Gunther Lutze, a former captain in Hitler's SS, decides to return to the area that contains the remnants of Dachau concentration camp. As he revels in the memories of the days when he had tortured prisoners, prisoner Alfred Becker appears before his eyes. What he does not realize is Becker is an ghostly apparition, and plans to put Lutze on "trial" for crimes against humanity for the torture and killing of the prisoners that were held in the camp. It is one trial Lutze may regret. Written by
Notably, the ending narration includes the words "the Twilight Zone" in the middle rather than at the end. See more »
This episode was set in 1962, 17 years after the end of the war and Dachau is shown as abandoned. However, after the war it remained open, first as a prison and then as a refugee camp until the mid-1960s. See more »
Death's-Head Revisited (DHR) deserves some credit for raising awareness of an important, dark chapter of history, and doing so on TV in 1961, when it was perhaps more difficult to put this kind of content on TV. While this is helpful, Serling's "Never Forget" coda is hardly bold or insightful, and he doesn't challenge the audience to deeply consider the Holocaust. We need not rake Serling over the coals for writing this, but there are better ways not to forget the Holocaust than to view DHR.
Writing on the subject of the Holocaust will not alone make your drama a successful work of art. It's what you have to say about it that counts. DHR passes on this opportunity, content with telling a revenge fantasy which has little relevance to the real world. It's the kind of tale I would've written in 7th grade -- a gloating war criminal escapes justice, but magical forces come to punish him. Well-intended and heartfelt, perhaps, but we shouldn't pretend a simplistic wish is a significant commentary on the Holocaust.
Main character Lutze is not just a stock villain, but an implausible one. Besides continuing to relish his memories of his past atrocities, he actually leaves his safe haven in South America just to go wax nostalgic in his old concentration camp. Left as a flat TV monster, his character fails to contribute to any deeper consideration of Naziism and its real monsters. He makes some gesture toward rationalization of his offenses, which is unconvincing coming from his character, but this the episode barely explores anyway.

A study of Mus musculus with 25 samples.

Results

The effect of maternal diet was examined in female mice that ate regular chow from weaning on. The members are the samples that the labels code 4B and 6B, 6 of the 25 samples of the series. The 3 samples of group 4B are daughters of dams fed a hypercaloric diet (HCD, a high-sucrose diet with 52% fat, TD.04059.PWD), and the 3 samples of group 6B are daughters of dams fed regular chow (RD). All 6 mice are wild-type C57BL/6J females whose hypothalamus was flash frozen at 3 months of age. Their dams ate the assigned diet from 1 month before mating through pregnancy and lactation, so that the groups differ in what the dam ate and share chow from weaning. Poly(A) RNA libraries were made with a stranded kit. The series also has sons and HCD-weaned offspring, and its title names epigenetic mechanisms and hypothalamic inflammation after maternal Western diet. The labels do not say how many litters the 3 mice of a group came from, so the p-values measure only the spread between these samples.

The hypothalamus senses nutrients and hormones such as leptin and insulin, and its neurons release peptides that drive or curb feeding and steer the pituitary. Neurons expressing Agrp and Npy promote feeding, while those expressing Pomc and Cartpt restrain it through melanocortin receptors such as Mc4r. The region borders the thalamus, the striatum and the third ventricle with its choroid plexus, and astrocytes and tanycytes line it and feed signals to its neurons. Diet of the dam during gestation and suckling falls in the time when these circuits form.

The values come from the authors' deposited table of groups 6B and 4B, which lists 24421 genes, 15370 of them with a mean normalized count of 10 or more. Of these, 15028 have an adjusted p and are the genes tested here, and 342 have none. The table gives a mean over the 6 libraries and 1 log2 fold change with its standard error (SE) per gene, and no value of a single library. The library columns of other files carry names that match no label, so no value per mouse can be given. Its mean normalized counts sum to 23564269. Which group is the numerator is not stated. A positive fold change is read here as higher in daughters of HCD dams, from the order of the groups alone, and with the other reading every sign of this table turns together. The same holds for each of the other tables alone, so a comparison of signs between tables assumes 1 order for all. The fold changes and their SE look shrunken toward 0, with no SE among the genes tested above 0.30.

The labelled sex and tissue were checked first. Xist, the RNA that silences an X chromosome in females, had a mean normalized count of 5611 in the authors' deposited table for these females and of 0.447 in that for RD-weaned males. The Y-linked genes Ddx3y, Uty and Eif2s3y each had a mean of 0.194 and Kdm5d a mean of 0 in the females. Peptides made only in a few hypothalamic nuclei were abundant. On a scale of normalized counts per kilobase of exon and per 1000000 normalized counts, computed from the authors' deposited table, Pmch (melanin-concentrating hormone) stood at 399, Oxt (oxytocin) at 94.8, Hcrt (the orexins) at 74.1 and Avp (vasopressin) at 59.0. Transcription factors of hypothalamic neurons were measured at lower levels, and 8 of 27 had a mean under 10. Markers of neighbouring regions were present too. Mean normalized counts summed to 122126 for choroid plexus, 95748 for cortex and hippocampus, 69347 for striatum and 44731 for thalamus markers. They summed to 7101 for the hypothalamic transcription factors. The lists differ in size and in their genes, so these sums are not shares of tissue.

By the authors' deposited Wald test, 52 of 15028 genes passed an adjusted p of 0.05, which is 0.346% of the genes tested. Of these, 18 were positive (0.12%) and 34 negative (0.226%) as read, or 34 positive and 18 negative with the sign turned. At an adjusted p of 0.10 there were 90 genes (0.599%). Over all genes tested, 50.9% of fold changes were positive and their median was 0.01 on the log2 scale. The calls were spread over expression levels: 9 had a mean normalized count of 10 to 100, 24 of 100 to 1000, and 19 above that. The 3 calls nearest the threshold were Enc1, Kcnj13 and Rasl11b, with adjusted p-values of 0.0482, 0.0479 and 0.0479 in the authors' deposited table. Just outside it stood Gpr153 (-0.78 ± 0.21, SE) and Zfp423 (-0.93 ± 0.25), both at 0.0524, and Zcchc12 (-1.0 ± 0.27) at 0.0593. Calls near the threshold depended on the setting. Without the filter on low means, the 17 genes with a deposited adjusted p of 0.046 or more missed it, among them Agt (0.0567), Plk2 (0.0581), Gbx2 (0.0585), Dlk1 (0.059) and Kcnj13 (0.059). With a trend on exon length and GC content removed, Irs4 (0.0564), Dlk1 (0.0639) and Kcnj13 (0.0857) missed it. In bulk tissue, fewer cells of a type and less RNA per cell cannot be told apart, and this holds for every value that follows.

The episode's subject matter may make some viewers take it seriously, and the revenge fantasy will fool them into feeling better because justice has been done. But has it really been done? What does airing such a fantasy really do for the victims? What does it really do about the war criminals who fled Europe to elude justice? Nothing. In truth, such a fantasy cannot achieve anything beyond pleasing the audience with wishful thinking. We will never be able to use magic to bring Nazis to justice. Holocaust victims will never come back as ghosts to punish their murderers. Nor is telling ourselves that people like Lutze will face "judgment from God," as Becker claims, sufficient.
Instead of contenting itself with revenge fantasy, a drama should challenge us to examine ourselves and our human race, to think about how humanity could reach the point where fascists are murdering ethnic groups by the millions. (An odd point: You might think the script by Serling, who was of Jewish heritage, would mention Jews, who bear mentioning in a drama such as this, but it doesn't. Early 60s media standards might have something to do with it.)
The Twilight Zone frequently tells good stories and achieves dramatic power, but DHR remains more like the sentimental, self-serious, rather silly speechifying that the series is also known for.